Huckabee Slams Obama’s New Carbon Rules, But Advocated For Cap And Trade In ‘07

Huckabee in 2007: "I think we ought to have some cap and trade."

Former Arkansas Governor Mike Huckabee on Facebook Monday slammed President Obama’s plan to cut carbon emissions from coal power plants.

Facebook: mikehuckabee

The plan, as noted by BuzzFeed News, aims to limit carbon emissions by incentivizing the states to set up a cap and trade system.

The Obama administration largely expects this to be done by using a "cap and trade" policy, in which states place a limit on carbon pollution and must purchase permits to exceed it.

States that use the cap and trade system will be rewarded with "financial benefits," and those that achieve their goals of decreasing carbon use can trade in their permits for cash.

While Huckabee is strongly critical of the president's new carbon rules, during his 2008 presidential campaign, he accepted that climate change was real and called for a cap and trade system.

Take for instance this interview with where Huckabee said "what we don’t need is another generation of coal that has serious polluting consequences."

What role will coal technologies play, including liquefied coal?

I think there's a place for it, and I think we need to insist that it's clean coal. What we don't need is another generation of coal that has serious polluting consequences.

Agricultural-based fuels are very important to me because they're renewable and help create some stability in the agriculture economy of the United States.

Hydrogen has great potential. I recently visited a hydrogen plant in Iowa — they derive hydrogen-based fuel from ammonia. The technology is still somewhat challenging to make affordable, but it's a relatively simple process. We could accelerate our ability to make it more cost-efficient.

At a 2007 campaign stop in New Hampshire, he called tackling climate change a "moral issue" and said he supported cap and trade.

From a Bloomberg write up of a Huckabee campaign stop in 2007 in New Hampshire:

``It goes to the moral issue,'' the former Arkansas governor said at a climate-change conference today in Manchester, New Hampshire. ``We have a responsibility to reduce greenhouse-gas emissions, to conserve energy, to find alternative forms of energy that are renewable and sustainable and environmentally friendly.''

Huckabee said he supports an economy-wide ``cap-and-trade'' system to control greenhouse gases, which scientists say are causing climate change. The program, which has been introduced in Congress, would create a market for buying and selling permits to allow carbon-dioxide emissions. President George W. Bush is among Republicans who oppose a carbon cap.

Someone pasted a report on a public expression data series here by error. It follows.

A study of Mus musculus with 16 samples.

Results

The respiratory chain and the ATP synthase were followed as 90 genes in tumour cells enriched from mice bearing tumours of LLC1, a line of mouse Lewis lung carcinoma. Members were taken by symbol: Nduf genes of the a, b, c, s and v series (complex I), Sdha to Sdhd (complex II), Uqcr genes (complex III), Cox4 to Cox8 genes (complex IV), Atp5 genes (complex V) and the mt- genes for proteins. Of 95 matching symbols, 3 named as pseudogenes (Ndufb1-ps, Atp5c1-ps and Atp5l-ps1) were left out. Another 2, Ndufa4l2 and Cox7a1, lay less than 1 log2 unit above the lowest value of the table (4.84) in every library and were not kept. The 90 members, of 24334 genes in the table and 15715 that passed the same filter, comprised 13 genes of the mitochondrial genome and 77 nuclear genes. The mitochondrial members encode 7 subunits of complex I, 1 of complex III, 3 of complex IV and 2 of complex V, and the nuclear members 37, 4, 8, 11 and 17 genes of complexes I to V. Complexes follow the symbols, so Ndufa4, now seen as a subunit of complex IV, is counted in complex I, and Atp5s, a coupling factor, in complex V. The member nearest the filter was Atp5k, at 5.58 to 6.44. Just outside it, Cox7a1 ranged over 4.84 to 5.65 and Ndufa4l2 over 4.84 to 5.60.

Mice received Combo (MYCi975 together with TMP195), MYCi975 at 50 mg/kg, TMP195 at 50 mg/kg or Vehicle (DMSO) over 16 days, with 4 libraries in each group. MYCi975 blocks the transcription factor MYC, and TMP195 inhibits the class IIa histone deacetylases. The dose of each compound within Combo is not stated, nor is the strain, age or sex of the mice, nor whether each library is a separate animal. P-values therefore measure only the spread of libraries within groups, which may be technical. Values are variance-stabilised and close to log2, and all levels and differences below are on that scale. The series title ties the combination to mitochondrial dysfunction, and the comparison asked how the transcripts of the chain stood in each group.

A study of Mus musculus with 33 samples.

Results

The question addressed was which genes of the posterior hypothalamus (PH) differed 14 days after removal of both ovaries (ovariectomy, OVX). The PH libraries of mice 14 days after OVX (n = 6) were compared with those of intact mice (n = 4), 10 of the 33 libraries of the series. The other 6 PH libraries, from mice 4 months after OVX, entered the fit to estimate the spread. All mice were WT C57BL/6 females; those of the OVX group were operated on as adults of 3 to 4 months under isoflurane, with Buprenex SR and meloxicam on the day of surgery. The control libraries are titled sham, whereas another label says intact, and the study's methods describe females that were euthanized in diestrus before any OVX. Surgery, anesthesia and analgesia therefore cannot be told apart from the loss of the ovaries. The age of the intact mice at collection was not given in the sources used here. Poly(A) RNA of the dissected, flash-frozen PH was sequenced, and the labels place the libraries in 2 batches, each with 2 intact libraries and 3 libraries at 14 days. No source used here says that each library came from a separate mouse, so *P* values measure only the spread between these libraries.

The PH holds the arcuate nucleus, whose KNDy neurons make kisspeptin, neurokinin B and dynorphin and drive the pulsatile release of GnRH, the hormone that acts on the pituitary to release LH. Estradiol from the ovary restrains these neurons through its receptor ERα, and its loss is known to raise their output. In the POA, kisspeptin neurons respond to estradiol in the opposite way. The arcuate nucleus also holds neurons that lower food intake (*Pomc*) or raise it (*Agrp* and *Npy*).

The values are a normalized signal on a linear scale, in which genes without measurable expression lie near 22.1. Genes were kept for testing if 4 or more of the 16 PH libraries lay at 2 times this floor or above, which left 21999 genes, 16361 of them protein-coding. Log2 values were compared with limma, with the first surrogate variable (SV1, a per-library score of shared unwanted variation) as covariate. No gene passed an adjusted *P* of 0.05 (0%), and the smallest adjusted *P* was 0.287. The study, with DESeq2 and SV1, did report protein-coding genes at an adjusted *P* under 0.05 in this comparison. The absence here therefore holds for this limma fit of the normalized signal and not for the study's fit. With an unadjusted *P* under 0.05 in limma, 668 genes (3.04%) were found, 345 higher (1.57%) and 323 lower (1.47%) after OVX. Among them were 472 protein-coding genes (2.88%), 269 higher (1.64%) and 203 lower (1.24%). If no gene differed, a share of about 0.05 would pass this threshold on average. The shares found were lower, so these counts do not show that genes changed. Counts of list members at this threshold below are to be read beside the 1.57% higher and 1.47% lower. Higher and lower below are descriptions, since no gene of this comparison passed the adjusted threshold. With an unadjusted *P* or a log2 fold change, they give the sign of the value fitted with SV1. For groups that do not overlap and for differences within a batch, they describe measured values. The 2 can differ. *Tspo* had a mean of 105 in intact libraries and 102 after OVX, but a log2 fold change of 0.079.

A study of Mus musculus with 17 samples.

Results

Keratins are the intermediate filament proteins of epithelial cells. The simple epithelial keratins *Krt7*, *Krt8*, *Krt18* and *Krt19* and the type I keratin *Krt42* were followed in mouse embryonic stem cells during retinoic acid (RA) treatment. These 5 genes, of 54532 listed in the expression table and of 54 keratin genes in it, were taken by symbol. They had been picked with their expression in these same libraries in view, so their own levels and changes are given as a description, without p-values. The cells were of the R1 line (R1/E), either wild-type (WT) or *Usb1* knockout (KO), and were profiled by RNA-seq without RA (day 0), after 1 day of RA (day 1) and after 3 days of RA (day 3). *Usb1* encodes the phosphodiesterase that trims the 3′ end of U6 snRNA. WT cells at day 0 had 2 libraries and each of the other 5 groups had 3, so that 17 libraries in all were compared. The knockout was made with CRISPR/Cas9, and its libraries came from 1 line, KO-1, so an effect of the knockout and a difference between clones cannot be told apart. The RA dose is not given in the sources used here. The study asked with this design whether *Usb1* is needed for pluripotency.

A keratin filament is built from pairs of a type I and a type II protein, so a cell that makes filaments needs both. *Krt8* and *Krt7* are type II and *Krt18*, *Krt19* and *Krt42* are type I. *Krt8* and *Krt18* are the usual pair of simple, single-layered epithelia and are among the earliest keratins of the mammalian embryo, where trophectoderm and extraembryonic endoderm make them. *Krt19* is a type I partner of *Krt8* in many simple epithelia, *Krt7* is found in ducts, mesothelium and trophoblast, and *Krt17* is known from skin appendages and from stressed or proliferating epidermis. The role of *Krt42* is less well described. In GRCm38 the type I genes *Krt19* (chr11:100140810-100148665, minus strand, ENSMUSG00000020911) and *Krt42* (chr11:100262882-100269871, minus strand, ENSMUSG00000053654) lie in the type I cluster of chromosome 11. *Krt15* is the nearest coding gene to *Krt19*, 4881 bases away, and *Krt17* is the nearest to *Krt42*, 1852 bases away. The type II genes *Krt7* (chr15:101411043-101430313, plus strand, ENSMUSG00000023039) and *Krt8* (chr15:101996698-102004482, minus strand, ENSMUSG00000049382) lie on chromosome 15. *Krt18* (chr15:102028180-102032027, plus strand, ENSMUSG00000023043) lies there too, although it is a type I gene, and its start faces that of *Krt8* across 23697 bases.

There's even video of him calling for cap and trade in 2007 at the Clean Air Cool Planet conference.

"The one thing all of us have a responsibility to do is to recognize that climate change is here, it's real," Huckabee stated at the Clean Air Cool Planet conference in Manchester, NH. "What we have to do is stop pointing fingers about who's at fault and saying whose responsibility it is to fix it and recognize it's all our fault and it's all our responsibility to fix it."

"I also support cap and trade of carbon emissions," he added later. "And I was disappointed that the Senate rejected a carbon counting system to measure the sources of emissions, because that would have been the first and the most important step toward implementing true cap and trade."

Here's the clip:

View this video on YouTube

He said in another video from the 2008 campaign, "I may be the only Republican who supports cap and trade. But the reason I do, and I think it’s a matter of being a good Republican, conservatives ought to be conservationists."

View this video on YouTube

And Huckabee was quoted by NPR in 2007 saying this:

I think that Republicans have made a big mistake by not being more on the forefront of conservation. I consider myself a conservationist. I think we ought to have some cap and trade.

Here's that audio:

In 2010, Huckabee denied he ever supported cap and trade.